Dutch companies still struggling with ransomware attack; millions in damages expected
The companies in the Netherlands that were hit in the global ransomware attack on Tuesday, are still struggling with the consequences. By Wednesday night containers were still stuck at APM in the port of Rotterdam and thousands of packages were in limbo at TNT sorting centers, according to RTL Nieuws. The damages are estimated in the millions of euros.
APM's terminal, where ships are loaded and unloaded, was still dead quiet by Wednesday evening. Behind the scenes the company is trying to find ways of working without their computers, a spokesperson of the Rotterdam branch said to RTL. A number of WhatsApp groups and Gmail accounts were quickly created for alternative forms of communications.
Ships with tens of thousands of containers are waiting. The company is still investigating what the financial consequences of this day of lost business will be. Parent company Maersk's website states that the computer systems are down, but that the problems are "isolated" - the malware can't spread further with the company.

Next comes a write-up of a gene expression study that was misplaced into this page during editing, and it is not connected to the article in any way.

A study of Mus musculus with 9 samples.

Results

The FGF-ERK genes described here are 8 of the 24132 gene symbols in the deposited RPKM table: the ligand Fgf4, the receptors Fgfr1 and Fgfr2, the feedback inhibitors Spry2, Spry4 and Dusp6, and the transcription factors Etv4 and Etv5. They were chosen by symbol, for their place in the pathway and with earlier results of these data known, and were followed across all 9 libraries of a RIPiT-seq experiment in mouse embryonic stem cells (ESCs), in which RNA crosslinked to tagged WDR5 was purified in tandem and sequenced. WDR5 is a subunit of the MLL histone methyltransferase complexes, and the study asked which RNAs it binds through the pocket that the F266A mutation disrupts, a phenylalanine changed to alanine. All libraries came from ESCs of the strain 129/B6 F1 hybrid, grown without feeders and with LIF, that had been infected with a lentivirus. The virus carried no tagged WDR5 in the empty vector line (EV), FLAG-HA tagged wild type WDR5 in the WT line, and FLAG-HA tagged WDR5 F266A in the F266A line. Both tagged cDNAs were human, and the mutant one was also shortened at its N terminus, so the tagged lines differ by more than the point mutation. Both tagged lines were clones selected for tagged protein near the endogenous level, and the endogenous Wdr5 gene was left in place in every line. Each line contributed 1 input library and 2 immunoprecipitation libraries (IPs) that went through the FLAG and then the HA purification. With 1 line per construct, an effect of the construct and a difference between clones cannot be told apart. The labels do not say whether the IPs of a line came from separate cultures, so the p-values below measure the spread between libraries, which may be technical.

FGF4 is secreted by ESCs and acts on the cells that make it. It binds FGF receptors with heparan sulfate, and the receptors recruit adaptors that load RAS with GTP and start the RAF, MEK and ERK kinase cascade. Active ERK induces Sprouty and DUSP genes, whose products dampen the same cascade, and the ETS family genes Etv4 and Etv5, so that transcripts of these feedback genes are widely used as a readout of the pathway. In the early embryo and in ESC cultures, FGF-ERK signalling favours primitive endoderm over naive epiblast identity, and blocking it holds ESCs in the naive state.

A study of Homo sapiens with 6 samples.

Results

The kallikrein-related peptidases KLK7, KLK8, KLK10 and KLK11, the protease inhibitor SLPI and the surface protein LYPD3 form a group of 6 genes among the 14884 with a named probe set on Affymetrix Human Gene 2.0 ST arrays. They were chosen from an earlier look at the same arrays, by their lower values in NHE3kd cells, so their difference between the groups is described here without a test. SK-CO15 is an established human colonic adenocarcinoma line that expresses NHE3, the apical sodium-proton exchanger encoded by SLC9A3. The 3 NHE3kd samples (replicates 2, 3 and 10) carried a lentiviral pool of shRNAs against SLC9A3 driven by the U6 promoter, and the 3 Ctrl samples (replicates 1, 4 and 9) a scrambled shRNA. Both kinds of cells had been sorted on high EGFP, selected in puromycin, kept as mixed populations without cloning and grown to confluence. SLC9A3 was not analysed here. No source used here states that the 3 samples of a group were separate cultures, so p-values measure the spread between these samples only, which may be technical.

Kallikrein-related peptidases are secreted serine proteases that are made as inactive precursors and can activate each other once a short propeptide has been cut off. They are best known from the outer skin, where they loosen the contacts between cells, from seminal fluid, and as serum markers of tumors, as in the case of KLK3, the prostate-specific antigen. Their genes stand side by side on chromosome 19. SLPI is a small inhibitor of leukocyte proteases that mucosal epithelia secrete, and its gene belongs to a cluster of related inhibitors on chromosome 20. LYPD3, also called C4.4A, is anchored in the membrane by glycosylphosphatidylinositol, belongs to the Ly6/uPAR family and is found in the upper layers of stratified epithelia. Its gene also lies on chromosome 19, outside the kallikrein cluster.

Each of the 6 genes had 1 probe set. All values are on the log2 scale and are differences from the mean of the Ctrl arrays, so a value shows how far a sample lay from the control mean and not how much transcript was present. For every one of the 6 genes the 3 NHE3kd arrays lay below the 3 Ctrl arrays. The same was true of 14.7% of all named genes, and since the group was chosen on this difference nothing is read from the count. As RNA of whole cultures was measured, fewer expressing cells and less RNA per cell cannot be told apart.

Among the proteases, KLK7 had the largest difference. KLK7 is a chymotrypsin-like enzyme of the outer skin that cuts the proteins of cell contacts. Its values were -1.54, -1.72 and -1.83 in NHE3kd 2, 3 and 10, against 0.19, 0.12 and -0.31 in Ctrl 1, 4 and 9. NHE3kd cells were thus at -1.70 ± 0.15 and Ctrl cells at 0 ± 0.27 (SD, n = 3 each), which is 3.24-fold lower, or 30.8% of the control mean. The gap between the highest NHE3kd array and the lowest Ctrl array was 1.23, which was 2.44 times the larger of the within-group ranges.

Courier service TNT Express were also still having problems, and it had a knock-on effect on clients like CheapCargo.com. According to RTL, some 10 thousand packages are stuck in a waiting center in Liege. TNT can not estimate the damages, or how long the problems will persist. A statement released by the company states that customers may experience delays for a few days, especially those outside the European Union, though TNT Express wanted a resolution by Wednesday night.
Raab Karcher, a construction material supplier, was also hit. The company is desperately looking for solutions, director Erik Snijer said to RTL, but he couldn't say when one will be found. The infected computers were taken offline, to stop the spread of the virus. Customers can pick up supplies. "It is a difficult situation, but we are reaching a solution", Snijer said. "It will cost a lot of money, but the files are luckily not gone, so the orders are still in the system."